This guest post comes to us from Darryl Wilkinson, Editor-at-Large, Home Theater Magazine.
My father was a pioneer in multi-room audio, although he had no idea of it at the time. In fact, even today, if you mention the terms “multi-room audio” or “media distribution
”, he’ll wonder just what the heck it is that you’re babbling about. Thankfully, that’s not due to any age-related forgetfulness. Instead, for him, having music and television in multiple places throughout the house is such a basic concept that it doesn’t require a special name. He’d give you much the same quizzical look if you’d said “multi-room electricity” or “HVAC distribution” – although, interestingly enough, when he was a kid his family’s house didn’t have either.
I, on the other hand, can’t remember a time when we didn’t have radios in the bathroom, the kitchen, and the garage, as well as a console stereo plus a TV in the living room. As time went on, the living room TV grew larger (and Dad finally bought a color
set!), with smaller TVs appearing in the kitchen and a couple bedrooms. So, in its most basic sense, I always lived with multi-room audio/video. But, that version of having music and TV in more than one room of the house wasn’t much more than a collection of independent electronic gadgets, each operating as if it were the center of its own media universe. Using this whole-house “system” was easy because it never involved much more than flipping the power switch and twisting the knob of an analog tuner. However, it wasn’t terribly convenient and it was definitely not very flexible. (And, those mono AM/FM radios and tiny TV speakers didn’t sound that great, either.)
The modern version of multi-room audio/video – or whole-home media distribution
, if you will – is just as simple (often simpler) to use, sounds way better, is much more useful, and has the big bonus of being highly adaptable and expandable. Think of how one of Apple’s current iPhones stacks up against one of last-century’s venerable Sony Walkman portable cassette players. In a way, portable media devices like Walkmans and iPhones were/are the epitome of “multi-room media-distribution” since they go anywhere you go. But, of course, the Walkman was limited to playing analog cassette tapes. And you could forget about randomized playback…or changeable playlists…or instantly downloading new music…or playing movies...or, well, you get the picture. (And the better sound, too.) Not to mention the fact that listening to music through headphones isn’t exactly the kind of thing that makes you popular at parties or during dinner with your family.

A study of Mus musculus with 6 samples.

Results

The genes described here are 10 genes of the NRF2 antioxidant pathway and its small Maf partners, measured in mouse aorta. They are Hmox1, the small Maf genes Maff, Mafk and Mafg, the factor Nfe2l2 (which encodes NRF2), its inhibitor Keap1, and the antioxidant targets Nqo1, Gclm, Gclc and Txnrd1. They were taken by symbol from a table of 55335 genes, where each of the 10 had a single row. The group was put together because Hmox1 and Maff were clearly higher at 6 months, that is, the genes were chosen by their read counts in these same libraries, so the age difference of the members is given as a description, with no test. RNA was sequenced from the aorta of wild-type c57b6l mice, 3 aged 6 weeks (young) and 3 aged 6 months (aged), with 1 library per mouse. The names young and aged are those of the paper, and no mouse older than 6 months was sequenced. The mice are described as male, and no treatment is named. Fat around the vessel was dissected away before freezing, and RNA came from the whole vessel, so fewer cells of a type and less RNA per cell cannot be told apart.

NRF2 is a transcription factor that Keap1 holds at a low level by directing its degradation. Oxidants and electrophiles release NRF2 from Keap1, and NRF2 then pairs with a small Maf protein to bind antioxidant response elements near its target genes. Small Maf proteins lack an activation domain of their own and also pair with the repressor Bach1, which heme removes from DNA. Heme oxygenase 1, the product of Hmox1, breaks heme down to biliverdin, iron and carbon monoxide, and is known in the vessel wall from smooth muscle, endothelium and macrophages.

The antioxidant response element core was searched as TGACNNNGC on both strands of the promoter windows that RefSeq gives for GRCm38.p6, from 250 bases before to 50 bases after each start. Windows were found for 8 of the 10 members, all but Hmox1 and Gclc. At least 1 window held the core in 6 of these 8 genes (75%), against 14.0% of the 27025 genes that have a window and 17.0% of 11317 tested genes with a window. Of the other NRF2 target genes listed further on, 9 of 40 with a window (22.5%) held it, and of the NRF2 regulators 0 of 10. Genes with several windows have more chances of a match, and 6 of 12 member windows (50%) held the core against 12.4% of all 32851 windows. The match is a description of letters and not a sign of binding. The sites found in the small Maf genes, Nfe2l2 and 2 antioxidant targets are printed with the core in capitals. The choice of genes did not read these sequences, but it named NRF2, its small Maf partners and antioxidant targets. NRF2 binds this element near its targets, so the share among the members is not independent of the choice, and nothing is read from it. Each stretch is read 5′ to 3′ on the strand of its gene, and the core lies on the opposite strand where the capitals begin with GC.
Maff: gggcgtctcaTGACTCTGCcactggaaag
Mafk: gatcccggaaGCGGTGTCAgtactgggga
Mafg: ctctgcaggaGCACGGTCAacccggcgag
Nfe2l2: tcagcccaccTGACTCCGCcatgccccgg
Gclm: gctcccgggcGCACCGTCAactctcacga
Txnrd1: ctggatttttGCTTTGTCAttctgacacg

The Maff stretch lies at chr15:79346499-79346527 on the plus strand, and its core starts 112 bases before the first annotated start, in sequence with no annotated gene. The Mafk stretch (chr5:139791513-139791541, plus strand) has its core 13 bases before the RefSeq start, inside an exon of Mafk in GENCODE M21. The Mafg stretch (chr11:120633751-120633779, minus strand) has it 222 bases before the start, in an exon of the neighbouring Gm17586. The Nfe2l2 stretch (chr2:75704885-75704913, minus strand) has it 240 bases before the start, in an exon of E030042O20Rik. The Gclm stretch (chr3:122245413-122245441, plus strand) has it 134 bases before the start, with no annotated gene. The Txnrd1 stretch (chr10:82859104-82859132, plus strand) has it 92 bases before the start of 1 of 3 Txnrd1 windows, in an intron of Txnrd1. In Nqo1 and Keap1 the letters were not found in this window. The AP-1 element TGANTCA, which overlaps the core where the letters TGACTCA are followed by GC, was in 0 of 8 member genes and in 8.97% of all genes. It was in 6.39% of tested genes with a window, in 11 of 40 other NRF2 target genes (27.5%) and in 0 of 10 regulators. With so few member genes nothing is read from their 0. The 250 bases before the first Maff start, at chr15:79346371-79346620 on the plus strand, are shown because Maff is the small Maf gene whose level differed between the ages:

You see, it’s an incredibly elevated experience to have separate (built-in or in-room) speakers in multiple rooms – and maybe a TV, too – all connected to the home’s media distribution system. It’s not only that your number for listening choices suddenly borders on the infinite – including satellite or terrestrial radio stations, streaming internet services (such as Napster
, Pandora or Spotify
), podcasts, your entire digital music collection
, or, potentially, music and podcasts stored on a family member’s or friend’s smartphone – but, thanks to the magic of matrix switchers, different rooms can listen to (or watch) different sources simultaneously, too.
In my case, the touchscreens and keypads
that are part of the Control4 home automation system installed in my house are programmed with buttons that provide one-press access to my family’s most popular sources. But if one of us is in the mood for something different – say I want to listen to BBC news in the kitchen as I make breakfast and my daughter wants to listen to a Pandora station while she’s in the bathroom – it’s only a matter of a few more button presses to get to what each of us is looking for. Because of the multitude of things to watch or listen to, it’s a system that all of us want
to use. Just as important, though, is the fact that it’s quick and convenient to use, which is why all of us actually do
use it. And since the system isn’t limited to one single room at a time, we often get double, triple, and even quadruple benefits out of it whenever we’re not all in the same room at the same time.
Every now and then when we actually do find ourselves in the same room together, it’s usually in the home theater room. One of the most recent times included my newly married son and daughter-in-law. We took the opportunity to go through all of the wedding photos we had. But rather than crowd around the small screen of a laptop or hand our smartphones back and forth, we sat comfortably on the couch and – thanks to the ability of the whole-house media system to reach into every digital nook and cranny where each of us had stored our photos – relived the event on the 55-inch flat-screen in the front of the room. It made me think of the times when my dad would fire up the slide projector to look at vacation pictures. Unfortunately, the whole process back then was such an ordeal that we didn’t do it all that often.
Can a person live a complete and fulfilling life without a whole-home media distribution system? Well, sure. I guess. But, as my early-adopter father can testify, it’s so much nicer with it. And now that electronic media has become such an integral part of our daily lives I don’t think it will be long before people start being amazed when a house doesn’t have a media distribution system.